Future Production Possibilities
- Gepubliceerd: maandag 21 maart 2016 08:38
- Geschreven door René
Again, this articles could also have been in the 'Road Not Taken' category, but for now i'll put it up here, in the 'Future' segment.
However, this article is also pure speculative: nothing is considered to be a rumour, setup, or active process. You have to read it and consider it purely as a "what if?" story, nothing more, nothing less.
Since 1987, we have seen the disassembly of the Steyr-Daimler-Puch company, breaking up steadily and controlled into all these different parts and subparts, sold or rebranded or stopped. In 'The Road Not Taken' section, we will discuss all these other parts, but we will focus for now purely on the two-wheeler division.
Áll of the two-wheeler division was sold off. Every bit and piece of it is gone from Graz and the Puch brandname on two-wheelers (motorized and non-motorized) has been sold. Those are the facts. But Steyr-Daimler-Puch was big; véry big. I know most of what happened with each and every aspect and know what and where many divisions are today, but we'll talk about that another time. Even today, with the old company split up and sold into multiple parts, there are still traces (and thus possibilities) to revive the two-wheeler division in Austria.
* * * READ EVERYTHING AS PURELY SPECULATIVE ("what if?"). NONE OF THIS ARTICLE IS BASED ON RUMOURS, ACTIVE PROCESSES, OFFICIAL STATEMENTS OR SETUPS OR BUSINESS PROPOSALS OF ANY SORT.* * *
Let's check out what kind of (alternative) future two-wheelers could be revived in the much beloved Austrian factory:
1. Puch brand for two-wheelers. This is a dead end, both negative and positive. With the sale of the entire division, the brandname for motorized two-wheelers went to Piaggio in Italy. They have seized production in 1997 and keep the trademark for legal reasons, but non-active. Even in Piaggio's online history they do not speak about Puch aquisition, considering it a failed takeover, but the fact is they bought out a competitor and stopped it's production indefinitely. So the motorized two-wheelers from Puch are a dead end.
The bicyles however are in the capable hands of the Cycleurope Group, based in Sweden. This Pan-European company produces many generic bikes in various priceranges and rebadge them for local markets. That is not a bad thing, specially for Puch. The brand is very strong in the Netherlands and Germany, and soon other European countries will follow. For Austria, they even produce a specific range of bicyles of high-end quality. Puch is, in that way, still alive and on the road again.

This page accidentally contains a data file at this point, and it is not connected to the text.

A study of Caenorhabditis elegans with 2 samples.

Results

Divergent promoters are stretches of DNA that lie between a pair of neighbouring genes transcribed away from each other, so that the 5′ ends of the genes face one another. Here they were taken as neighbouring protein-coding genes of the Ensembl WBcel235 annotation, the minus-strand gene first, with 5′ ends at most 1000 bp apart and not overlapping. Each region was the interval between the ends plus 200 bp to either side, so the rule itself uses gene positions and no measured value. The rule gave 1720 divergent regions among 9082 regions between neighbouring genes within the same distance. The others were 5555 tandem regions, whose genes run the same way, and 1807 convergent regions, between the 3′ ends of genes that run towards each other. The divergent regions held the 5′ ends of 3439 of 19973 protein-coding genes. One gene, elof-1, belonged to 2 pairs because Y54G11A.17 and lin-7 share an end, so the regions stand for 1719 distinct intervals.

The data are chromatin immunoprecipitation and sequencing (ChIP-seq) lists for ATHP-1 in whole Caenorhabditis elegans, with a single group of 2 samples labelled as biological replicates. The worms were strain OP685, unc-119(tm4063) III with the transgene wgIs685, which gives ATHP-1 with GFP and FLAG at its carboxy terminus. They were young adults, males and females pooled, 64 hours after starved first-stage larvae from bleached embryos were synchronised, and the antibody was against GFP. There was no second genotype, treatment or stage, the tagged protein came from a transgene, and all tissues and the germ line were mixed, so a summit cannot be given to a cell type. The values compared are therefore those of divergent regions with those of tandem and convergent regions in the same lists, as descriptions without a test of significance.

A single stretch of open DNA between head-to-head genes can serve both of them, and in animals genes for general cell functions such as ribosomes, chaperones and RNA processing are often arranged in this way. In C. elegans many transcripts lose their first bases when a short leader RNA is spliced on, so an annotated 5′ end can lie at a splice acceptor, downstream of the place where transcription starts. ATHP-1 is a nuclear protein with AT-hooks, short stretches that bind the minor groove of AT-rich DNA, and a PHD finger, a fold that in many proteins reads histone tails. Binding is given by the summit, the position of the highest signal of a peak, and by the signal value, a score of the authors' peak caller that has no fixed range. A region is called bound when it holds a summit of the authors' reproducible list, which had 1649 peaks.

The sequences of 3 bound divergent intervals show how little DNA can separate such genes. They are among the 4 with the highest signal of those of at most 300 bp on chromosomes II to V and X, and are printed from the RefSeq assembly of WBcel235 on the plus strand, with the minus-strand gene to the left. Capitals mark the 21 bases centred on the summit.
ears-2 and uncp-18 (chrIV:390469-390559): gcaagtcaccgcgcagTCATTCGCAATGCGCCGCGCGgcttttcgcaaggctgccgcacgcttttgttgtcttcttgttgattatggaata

2. the Steyr-Puch brand. In the past, besides Puch itself, also the Steyr-Puch brand was used on many vehicles from the factory. For us fans, it would be the closest we could get with a hypothetical production. But legal jurisdiction and international laws would make this one near impossible to restart. It would however, be an awesome alternative, with a name still fresh in most people's memories today. So, we must conclude that this option is also a dead end.
3. the Puch-Suzuki brand. In 1983, Suzuki and Puch joined forces to produce Japanese designed mopeds and scooters in Europe. This was realized in two factories: the first being in Gras, Austria, and the second being the Avelló factory in Gijon, Spain. For several years, both brands profited from the joint-venture, with Suzuki being very strong in Southern Europe and Puch in Northern Europe. They even rebadged models for local markets. This also ended when Piaggio became owener of the Puch brandname for motorized two-wheelers, and Suzuki bought the Spanish factory and used up all the old Puch branded parts up to 1989. This is considere3d also a dead end.
4. the Hero-Puch brand. Again, a dead end. Hero is an Indian-based factory, which buys older moped and scooter models (the mouldings and rights) of old A-brand names. In 1988 they bought the Puch Maxi Plus and started to produce them under the name Hero Puch, up to 2005, in various modelnames and even prototypes of new developments based on the Maxi Plus. But since they no longer produce it, that brandname has become obsolete for Hero itself. It must be said, that the company did the most with the Puch brandname and models after they bought it. They deserve much credit for keeping the Puch brand on the road for so long.
5. the Steyr brand. This could be interesting. In the past, Steyr manufactured many 4-wheelers in Graz, Austria. Today, the Steyr brand produces rebadged Case/New Holland tractors, but with the famous power and durability. They have nothing to do anymore with the old Steyr-Daimler-Puch company, only a link with it's history. But consider that Steyr is doing very well in Europe, is very much alive and active and has the latest technology and the best engineers inhouse, so i would like to leave this option "open" for the future.
6. the Austro-Daimler brand. Few people in Europe still know the brand, that was part of Steyr-Daimler-Puch. But across the ocean, in America, it is very well known. The Puch Maxi Plus was sold there as the Austro-Daimler moped. And with success. Now, i don't know what happened to the rights of that brandname, but my guess is that someone owns it, not being Piaggio, and that production would be a possibility. It's comes from the same stable (Steyr-Daimler-Puch) and has a long tradition, and would fit perfectly for new vehicles. This would be a great option in my opinion.
As stated before: all of this is purely "what if?" speculative and should not be taken out of that context. Still, as a fan of the Austrians, and the legendary Graz factory, i hope that somewhere, somehow, in the future, something will happen, which will make riding on a new Puch(related) brand moped, scooter or other vehicle a reality.